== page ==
Of all the foreigners who have played on the Hanshin Tigers baseball club, undoubtedly the most popular and accomplished is first baseman Randy Bass. He played for the team from 1983 to 1988, and won the league Triple Crown two consecutive seasons (1985 and 1986) while establishing the NPB record for highest batting average in a single season (.389 in 1986). Why, then, at age 34, did he suddenly stop playing baseball? What precipitated his sudden departure from NPB? The Bass Diaries (バースの日記) seeks to explain this, as well as give the reader a look into the life of one of NPB’s greatest import players.
The book starts with a foreword from Bass, explaining why he has decided to have his personal diary translated into Japanese and published for people to read. He also explains that he loves the Hanshin Tigers and all of their fans, and has nothing but great memories of being a player for the organization. The book literally is Randy Bass’s diary from 1985 to 1988, although the order in which it is shown is slightly different (1988, 1985, 1986, 1987). The reason for the changed order is because the most important part of the diary is what happened to Bass in the year he was released.
Let’s cut to the chase. Near the start of the 1988 season, Bass’ son, Zach, was diagnosed with a rare type of brain tumor and needed to be treated in the United States. Being the dedicated father that he is, instead of playing out the season while his son underwent treatment, Bass received permission from the team to return to America to be with his son for a month, after which he would return to the team. Unfortunately, treatment became more and more complicated, and although Bass communicated to the team that he needed more time, and despite what he thought was permission to extend his leave, the Tigers suddenly cut their star player loose. Then they insisted they were not responsible for his son’s medical bills, despite the clause in Bass’ contract stating otherwise. These negotiations are quite clearly recorded in his diary, which makes it clear that the organization was in the wrong.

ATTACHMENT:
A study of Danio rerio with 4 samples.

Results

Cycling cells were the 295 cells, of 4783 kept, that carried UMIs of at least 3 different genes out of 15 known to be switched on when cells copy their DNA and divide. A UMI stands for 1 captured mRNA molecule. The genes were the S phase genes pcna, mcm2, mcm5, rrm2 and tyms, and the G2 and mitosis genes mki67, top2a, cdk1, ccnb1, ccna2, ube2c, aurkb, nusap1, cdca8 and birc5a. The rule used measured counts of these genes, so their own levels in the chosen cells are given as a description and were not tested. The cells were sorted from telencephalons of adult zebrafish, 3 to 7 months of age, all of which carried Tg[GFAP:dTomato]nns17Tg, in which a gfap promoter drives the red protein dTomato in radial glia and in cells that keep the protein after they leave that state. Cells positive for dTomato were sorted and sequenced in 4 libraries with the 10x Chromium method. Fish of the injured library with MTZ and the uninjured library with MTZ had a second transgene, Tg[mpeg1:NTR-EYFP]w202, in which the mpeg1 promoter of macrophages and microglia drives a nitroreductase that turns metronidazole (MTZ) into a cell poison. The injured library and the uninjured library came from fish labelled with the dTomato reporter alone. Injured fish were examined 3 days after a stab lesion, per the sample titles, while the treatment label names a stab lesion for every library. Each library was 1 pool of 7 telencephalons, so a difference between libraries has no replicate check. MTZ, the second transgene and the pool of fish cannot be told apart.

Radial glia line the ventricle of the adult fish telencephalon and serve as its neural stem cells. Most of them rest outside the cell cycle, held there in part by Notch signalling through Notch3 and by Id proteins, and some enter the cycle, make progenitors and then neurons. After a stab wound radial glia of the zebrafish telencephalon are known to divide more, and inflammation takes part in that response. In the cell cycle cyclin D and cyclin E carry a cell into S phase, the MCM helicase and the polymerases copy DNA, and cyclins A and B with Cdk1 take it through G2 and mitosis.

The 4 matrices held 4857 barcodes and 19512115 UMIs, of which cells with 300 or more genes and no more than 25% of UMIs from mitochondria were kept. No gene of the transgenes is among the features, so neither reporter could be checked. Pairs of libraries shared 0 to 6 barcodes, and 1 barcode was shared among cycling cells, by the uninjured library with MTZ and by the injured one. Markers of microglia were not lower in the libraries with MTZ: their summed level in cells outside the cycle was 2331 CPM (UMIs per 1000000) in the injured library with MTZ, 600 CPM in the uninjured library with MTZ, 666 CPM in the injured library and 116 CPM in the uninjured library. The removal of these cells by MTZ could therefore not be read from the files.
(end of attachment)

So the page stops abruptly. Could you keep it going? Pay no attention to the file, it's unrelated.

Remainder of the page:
The next chapters detail his (and the team’s) triumphant title run in 1985, his Triple Crown wins, his post-game fun — don’t worry, nothing scandalous about the Oklahoman senator — his investments, his thoughts about various teammates, rivals and coaches. Standing out in particular are his affiliations with foreigners on other teams (Warren Cromartie of the Giants among others) and his disdain for 1988 club manager Minoru Murayama.
Overall, this was a good read. There were definitely parts that could have been left out, though. Even his expressway tolls are recorded, translated and published here — is that really necessary, other than for us to know that the man kept track of his expenses? I really think it would have been better if Bass had taken a little more time and sat down with his translator and turned this into an autobiography or memoirs, rather than a pure translation of his day-to-day thoughts. The diary itself could have been the best source material for the book, which could have used a change of format, really.
Still, I’m glad I was able to learn a little more about the team’s history from the perspective of a man who is still revered as the equivalent of God and Buddha among Tigers fans (神様、仏様、バース様 – Kamisama, Hotokesama, Ba-su sama).